G-d spoke to Moses, and He said to him, “I am the Lord. I appeared to Abraham, to Isaac, and to Jacob with [the name] Almighty G-d, but [with] My name YHWH, I did not become known to them. [Exodus. 6:2-3]
Here’s the scene: Moses was assigned by G-d to tell Pharaoh to let the Israelites go. Instead, the Egyptian emperor intensifies the punishment of the Jews. The Jewish leadership throws Moses out of Egypt and tells him never to come back. He’s simply a troublemaker, a member of the angry Levite tribe, cursed by Jacob.
Moses glosses over the criticism. What he can’t take is the oppression of the people. “Why have You harmed this people?” Moses asks G-d. They are poor and oppressed, the lowest on the totem pole. And yet they still believe. But that belief has been betrayed by Pharaoh’s latest decrees and my failure to stop the king’s brutality.
Why have You sent me? Since I have come to Pharaoh to speak in Your name, he has harmed this people, and You have not saved Your people.” [Exodus. 5:22-23]
G-d’s answer is simple. First, Moses, you have to know who I am. I am Hashem. Your forefathers did not know Me as Hashem. They knew me as El Shadai, Hebrew for “Almighty G-d.” And the difference between Hashem and Almighty G-d is the key to understanding the significance of Moses.
Shlomo Yitzhaki, or Rashi, explains El Shadai in the Torah portion Lech Lecha. El means mighty, but that is modified by Shadai. The 11th Century sage asserts that the actual word is an amalgamation of Sheh Dai, “that is enough. “I am He Whose G-dliness suffices for every creature,” Rashi, quoting the Midrash, writes. “Therefore, walk before Me, and I will be your G-d and protector.”
In our Torah portion Vaera, Rashi’s chief interpreter, the Sifsei Chachamim, or the “Lips of the Wise,” elaborates. El Shadai was a divine term reserved for the patriarchs. G-d was telling Abraham and later Issac and Jacob that they could count on Him to reward the good and punish the wicked. But that reward was based on the patriarchs fulfilling G-d’s will. Indeed, G-d would test Abraham alone 10 times, and each time the patriarch passed. As the Chinese launderer replied when asked for a shirt by an empty-handed customer: “No ticki, no washi.”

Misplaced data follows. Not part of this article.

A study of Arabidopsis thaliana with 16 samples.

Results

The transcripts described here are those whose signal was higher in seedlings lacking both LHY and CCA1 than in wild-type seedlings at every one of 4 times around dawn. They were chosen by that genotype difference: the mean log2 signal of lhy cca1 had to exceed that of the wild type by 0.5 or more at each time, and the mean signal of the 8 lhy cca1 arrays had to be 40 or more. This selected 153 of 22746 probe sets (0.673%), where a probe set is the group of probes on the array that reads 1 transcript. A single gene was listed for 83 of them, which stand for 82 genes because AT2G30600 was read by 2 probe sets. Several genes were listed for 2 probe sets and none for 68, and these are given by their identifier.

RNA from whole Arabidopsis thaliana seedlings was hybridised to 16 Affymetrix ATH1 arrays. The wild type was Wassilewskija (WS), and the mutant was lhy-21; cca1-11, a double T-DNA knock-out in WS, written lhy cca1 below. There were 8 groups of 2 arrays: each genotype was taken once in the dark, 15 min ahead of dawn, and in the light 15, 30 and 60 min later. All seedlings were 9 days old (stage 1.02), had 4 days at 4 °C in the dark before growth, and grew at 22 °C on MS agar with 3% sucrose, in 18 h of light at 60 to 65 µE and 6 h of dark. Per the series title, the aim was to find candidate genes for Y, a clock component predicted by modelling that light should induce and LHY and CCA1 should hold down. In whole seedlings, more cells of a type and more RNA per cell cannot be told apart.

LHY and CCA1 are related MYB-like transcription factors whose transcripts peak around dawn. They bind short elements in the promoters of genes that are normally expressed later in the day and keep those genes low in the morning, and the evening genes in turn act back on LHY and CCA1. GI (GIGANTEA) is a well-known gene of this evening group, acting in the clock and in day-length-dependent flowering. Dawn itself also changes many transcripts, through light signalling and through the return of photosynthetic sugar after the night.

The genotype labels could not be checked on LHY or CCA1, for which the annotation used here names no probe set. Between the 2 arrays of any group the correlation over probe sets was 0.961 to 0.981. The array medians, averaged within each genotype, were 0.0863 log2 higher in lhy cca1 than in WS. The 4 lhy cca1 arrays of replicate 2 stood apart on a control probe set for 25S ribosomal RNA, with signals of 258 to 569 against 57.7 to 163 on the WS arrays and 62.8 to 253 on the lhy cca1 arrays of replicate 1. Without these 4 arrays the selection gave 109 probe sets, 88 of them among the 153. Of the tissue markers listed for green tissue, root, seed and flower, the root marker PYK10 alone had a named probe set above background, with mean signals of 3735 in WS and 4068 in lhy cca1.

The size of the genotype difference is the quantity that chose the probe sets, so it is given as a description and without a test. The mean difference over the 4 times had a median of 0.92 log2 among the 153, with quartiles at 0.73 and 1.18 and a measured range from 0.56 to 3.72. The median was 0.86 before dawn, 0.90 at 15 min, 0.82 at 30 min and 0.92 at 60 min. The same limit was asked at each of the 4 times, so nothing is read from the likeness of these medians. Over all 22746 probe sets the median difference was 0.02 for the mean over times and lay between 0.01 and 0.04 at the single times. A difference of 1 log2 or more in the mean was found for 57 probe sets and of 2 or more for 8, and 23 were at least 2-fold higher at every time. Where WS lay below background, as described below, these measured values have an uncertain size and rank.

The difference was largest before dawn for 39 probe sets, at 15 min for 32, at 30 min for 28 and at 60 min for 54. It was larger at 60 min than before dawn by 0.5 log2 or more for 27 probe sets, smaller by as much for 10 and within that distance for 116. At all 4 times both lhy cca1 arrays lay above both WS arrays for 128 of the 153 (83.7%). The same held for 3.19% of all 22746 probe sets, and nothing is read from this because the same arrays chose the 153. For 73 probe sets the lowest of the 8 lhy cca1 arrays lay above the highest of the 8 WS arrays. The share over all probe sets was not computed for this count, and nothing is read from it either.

G-d did not use the term El Shadai with Moses. Instead, He said “I am Hashem.” The Sifsei Chachamim said the reference to Hashem, one of seven names used for the Almighty, meant that there would no condition for G-d’s salvation. He would keep His promise to the Israelites regardless of their fidelity. The only thing the Jews had to do was believe.
Sometimes, that’s all a Jew can do. Yehezkiel Abramsky grew up a scholar near Vilna in the late 19th Century and like millions of others suffered under the decrees of the Russian czar. When the Bolsheviks took over in 1917, there was no letup in the persecution. The communists outlawed Torah study, ritual circumcision, Sabbath and even Jewish marriages. But this time, Lenin had tens of thousands of Jews willing to do his work. The young rabbi went underground to help Jews and avoid the authorities.
On the eve of Rosh Hashanah 1930, the secret police caught up with the rabbi in Moscow. He was accused of treason and the prosecutor demanded the death sentence. With the help of pressure from abroad, the sentence was commuted to five years of hard labor in Siberia. For many, that amounted to a slow death. Rabbi Abramsky was bereft of warm clothes; the work regimen was brutal, and the inmates became the playthings of the sadist guards. Every day, the rabbi and his colleagues were forced to run in the snow barefoot. Most collapsed within days. Moreover, he was given no opportunity to study Torah or keep the commandments. He was as depressed as the Israelites in Egypt.
But Rabbi Abramsky remembered his prayers, particularly the Modeh Ani, “I Thank You,” the first thing a Jew says when he wakes up. He failed to understand what there was to thank G-d about as he faced another day of hell in the gulag. “What kindness is there in mercifully restoring my soul if I cannot worship You properly?” he asked.
Then the rabbi recalled the end of the same prayer “Their faithfulness is great.” Now, he understood the reason G-d was deserving of gratitude: He was providing the Jew with an additional day of faith, a gift worth all of the hardship.
A year later, Rabbi Abramsky was released. He would become a spiritual leader and halachist in London and Jerusalem. His escape from Siberia marked the mystery of G-d’s salvation. The rabbi had been part of an exchange that included six communists imprisoned in Germany, a deal engineered by Chancellor Heinrich Bruning, not known as a friend of the Jews. Later, the rabbi’s children would be freed through the intervention of British Foreign Minister Anthony Eden, an architect of the White Paper, employed by London to stop the Jews from escaping Hitler and reaching the Land of Israel during World War II. In Egypt, the liberation of the Jews came about through Pharaoh, who for years plotted to destroy the people.
G-d’s name “Hashem” reflects His relationship with the Jewish people. Rabbi Chaim Ibn Atar, known as the Or Hachayim, says Hashem shows mercy to His people under all circumstances. He cannot see them suffer. Their stay in Egypt was meant to last 400 years, but Hashem could not stand the cries of the oppressed. He made a decision: Regardless of the original deadline, the Exile must end — now. That is why He chose Moses as the divine messenger to liberate the Israelites before their time. Like G-d, Moses could not watch another day of suffering.
The divine decision for freedom came without strings attached. It stemmed from a loving father, straight from Hashem.